Authorities bill may give London councils new powers
A bill that will give local authorities in London a range of new powers is a step closer to becoming law after clearing its first Commons hurdle.
The London Local Authorities Bill would help councils issue fines to the public and clamp down on rogue traders.
Unusually, it was introduced in the House of Lords, and has already passed all its stages in the Upper Chamber.
Personal liberty campaigners said the bill was a move into "dangerous waters".
But all major parties backed the legislation, which was given a second reading by 293 votes to 21.
The legislation was backed despite one Conservative minister voicing concerns over it.
The legislation would:
- Require people issued with penalty charge notices - for example over littering or parking - to provide their name and address to council officers
- Allow councils to recover the cost of street cleaning from polluting traders
- Require fast food sellers to display their hygiene rating and allow councils to crack down on unlicensed car dealers
Conservative MP Mike Freer said: "Many of us in this house would like to turn back the clock to a gentler age, but sadly we do live in an irresponsible society where many individuals cause problems for residents.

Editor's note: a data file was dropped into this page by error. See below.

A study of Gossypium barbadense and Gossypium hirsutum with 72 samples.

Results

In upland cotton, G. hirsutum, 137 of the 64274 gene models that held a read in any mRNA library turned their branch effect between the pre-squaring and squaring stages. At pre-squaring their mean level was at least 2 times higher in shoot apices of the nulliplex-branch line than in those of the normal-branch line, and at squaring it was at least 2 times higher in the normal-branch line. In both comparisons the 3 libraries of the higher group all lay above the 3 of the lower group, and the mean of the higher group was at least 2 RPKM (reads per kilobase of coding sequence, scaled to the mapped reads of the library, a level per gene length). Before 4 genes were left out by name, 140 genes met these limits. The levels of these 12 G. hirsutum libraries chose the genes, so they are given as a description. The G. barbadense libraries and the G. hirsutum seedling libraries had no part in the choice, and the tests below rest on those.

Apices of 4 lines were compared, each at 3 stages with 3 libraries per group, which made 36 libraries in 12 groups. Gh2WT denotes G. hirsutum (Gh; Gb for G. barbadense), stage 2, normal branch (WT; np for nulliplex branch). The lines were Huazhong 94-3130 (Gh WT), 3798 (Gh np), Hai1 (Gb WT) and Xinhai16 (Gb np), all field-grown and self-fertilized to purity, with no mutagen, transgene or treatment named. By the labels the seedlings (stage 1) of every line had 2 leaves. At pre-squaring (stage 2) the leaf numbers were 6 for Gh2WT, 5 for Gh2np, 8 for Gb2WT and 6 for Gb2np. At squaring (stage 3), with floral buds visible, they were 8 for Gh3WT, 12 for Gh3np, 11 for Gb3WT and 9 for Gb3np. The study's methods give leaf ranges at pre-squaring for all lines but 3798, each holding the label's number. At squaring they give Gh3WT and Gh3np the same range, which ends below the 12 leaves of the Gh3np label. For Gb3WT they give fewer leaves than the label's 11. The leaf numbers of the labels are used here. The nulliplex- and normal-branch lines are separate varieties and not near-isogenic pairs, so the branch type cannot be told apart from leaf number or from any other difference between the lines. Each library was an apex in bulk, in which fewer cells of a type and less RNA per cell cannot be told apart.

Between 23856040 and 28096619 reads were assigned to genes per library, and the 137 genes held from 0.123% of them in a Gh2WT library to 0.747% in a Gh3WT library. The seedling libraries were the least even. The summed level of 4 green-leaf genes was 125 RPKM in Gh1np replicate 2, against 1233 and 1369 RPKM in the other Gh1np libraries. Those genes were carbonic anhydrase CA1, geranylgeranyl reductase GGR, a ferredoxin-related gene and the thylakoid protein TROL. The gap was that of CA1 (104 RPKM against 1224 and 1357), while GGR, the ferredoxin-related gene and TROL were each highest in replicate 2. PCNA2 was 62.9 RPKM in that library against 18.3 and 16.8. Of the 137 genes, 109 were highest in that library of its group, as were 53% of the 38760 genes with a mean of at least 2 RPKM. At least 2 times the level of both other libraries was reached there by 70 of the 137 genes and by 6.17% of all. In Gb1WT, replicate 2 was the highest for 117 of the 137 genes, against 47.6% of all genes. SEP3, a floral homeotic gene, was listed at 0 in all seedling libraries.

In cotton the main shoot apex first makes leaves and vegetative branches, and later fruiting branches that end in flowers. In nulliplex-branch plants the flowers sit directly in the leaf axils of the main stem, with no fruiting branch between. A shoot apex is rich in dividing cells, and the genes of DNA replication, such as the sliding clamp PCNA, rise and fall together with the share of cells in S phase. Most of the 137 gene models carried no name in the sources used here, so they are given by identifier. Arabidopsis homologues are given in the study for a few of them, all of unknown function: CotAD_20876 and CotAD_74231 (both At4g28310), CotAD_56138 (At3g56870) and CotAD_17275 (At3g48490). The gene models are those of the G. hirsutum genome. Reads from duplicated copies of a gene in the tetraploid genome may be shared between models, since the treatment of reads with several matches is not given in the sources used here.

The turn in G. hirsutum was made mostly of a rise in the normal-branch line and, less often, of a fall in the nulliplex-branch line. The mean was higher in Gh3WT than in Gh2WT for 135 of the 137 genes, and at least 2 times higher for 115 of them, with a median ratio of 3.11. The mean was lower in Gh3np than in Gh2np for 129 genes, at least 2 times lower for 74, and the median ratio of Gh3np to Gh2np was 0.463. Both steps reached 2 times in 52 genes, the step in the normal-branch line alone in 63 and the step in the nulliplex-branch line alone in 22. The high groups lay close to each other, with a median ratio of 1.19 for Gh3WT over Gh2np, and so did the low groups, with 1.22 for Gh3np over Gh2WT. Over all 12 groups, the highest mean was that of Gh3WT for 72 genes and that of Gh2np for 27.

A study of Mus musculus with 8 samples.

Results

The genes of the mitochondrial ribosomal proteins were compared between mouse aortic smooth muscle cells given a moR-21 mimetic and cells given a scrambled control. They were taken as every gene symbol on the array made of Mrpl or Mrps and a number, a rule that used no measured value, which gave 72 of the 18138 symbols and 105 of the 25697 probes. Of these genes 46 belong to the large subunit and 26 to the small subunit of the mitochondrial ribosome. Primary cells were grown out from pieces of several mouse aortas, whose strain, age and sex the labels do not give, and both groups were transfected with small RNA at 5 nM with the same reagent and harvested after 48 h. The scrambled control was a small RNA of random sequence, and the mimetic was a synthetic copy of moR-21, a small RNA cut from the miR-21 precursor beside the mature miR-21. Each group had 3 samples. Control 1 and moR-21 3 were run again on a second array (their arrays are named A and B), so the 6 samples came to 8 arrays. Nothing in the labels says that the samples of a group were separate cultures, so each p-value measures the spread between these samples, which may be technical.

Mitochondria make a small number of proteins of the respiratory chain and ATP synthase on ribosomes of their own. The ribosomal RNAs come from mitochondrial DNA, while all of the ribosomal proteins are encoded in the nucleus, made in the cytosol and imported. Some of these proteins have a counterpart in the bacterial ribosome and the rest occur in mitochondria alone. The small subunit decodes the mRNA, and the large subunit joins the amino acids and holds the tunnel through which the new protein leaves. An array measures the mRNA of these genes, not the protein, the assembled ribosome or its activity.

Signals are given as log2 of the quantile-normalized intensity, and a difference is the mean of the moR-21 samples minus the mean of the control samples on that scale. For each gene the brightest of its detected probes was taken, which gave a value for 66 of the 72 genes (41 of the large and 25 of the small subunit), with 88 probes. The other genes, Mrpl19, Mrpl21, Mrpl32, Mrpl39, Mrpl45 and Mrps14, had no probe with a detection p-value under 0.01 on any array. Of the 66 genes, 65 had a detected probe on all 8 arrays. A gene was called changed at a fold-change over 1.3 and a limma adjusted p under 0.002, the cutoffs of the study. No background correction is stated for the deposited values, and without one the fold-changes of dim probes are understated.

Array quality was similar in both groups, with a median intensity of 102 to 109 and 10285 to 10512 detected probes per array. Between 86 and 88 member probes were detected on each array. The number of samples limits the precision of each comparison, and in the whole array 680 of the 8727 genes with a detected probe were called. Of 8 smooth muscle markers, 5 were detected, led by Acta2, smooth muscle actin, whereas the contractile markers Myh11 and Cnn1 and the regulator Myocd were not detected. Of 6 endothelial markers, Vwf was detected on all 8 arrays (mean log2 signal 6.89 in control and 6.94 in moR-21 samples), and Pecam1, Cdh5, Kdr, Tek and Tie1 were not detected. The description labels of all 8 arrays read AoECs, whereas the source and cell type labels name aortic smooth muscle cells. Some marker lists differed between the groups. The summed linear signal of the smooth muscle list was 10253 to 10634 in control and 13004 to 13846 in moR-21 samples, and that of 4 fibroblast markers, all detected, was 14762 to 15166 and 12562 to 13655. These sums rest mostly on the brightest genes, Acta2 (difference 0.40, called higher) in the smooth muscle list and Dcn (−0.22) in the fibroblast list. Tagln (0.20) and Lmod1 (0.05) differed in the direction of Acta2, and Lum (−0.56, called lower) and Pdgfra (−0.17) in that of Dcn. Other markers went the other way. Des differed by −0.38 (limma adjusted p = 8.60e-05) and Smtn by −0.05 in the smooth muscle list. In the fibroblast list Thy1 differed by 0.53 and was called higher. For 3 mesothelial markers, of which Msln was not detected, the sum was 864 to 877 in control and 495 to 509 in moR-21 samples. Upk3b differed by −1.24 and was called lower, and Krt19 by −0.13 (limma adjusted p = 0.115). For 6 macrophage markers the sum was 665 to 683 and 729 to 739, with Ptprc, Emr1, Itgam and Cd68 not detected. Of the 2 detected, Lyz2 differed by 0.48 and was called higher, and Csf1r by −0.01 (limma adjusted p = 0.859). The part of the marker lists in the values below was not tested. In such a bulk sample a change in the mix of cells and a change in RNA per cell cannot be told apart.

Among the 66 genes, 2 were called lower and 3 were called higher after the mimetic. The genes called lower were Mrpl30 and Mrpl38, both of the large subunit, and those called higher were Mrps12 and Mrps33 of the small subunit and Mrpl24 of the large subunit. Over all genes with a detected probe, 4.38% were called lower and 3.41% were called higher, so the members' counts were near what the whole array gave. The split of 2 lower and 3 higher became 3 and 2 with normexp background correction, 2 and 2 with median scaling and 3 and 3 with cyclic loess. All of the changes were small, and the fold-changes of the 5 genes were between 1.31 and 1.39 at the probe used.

"Many of us would prefer a reduction in regulation and a lessening of the intrusive nature of government - both national and local.
"However, we do have a responsibility to address the real issues facing Londoners."
Conservative Local Government Minister Bob Neill said some measures in the Bill needed closer examination.
He cautioned: "We have to be proportionate and avoid the proliferation of fines for what might be perceived as genuinely minor breaches and which might create in the public a sense of unfairness.
Shadow local government minister Chris Williamson (Labour) said: "This bill has already been agreed by all 33 of the London local authorities.
"London councils are controlled by all three of the main political parties.
"On this bill they speak with one voice."
Neil Herron, who became known as the "metric martyr" after defying EU regulations on selling produce under the imperial weight system, criticised the Bill.
He said: "We are entering into dangerous waters when we are giving council officers these powers.
"We need to go back to the fundamental principle that you can only be fined in a court of law.
"They will be fining us for standing on the cracks in the pavement next."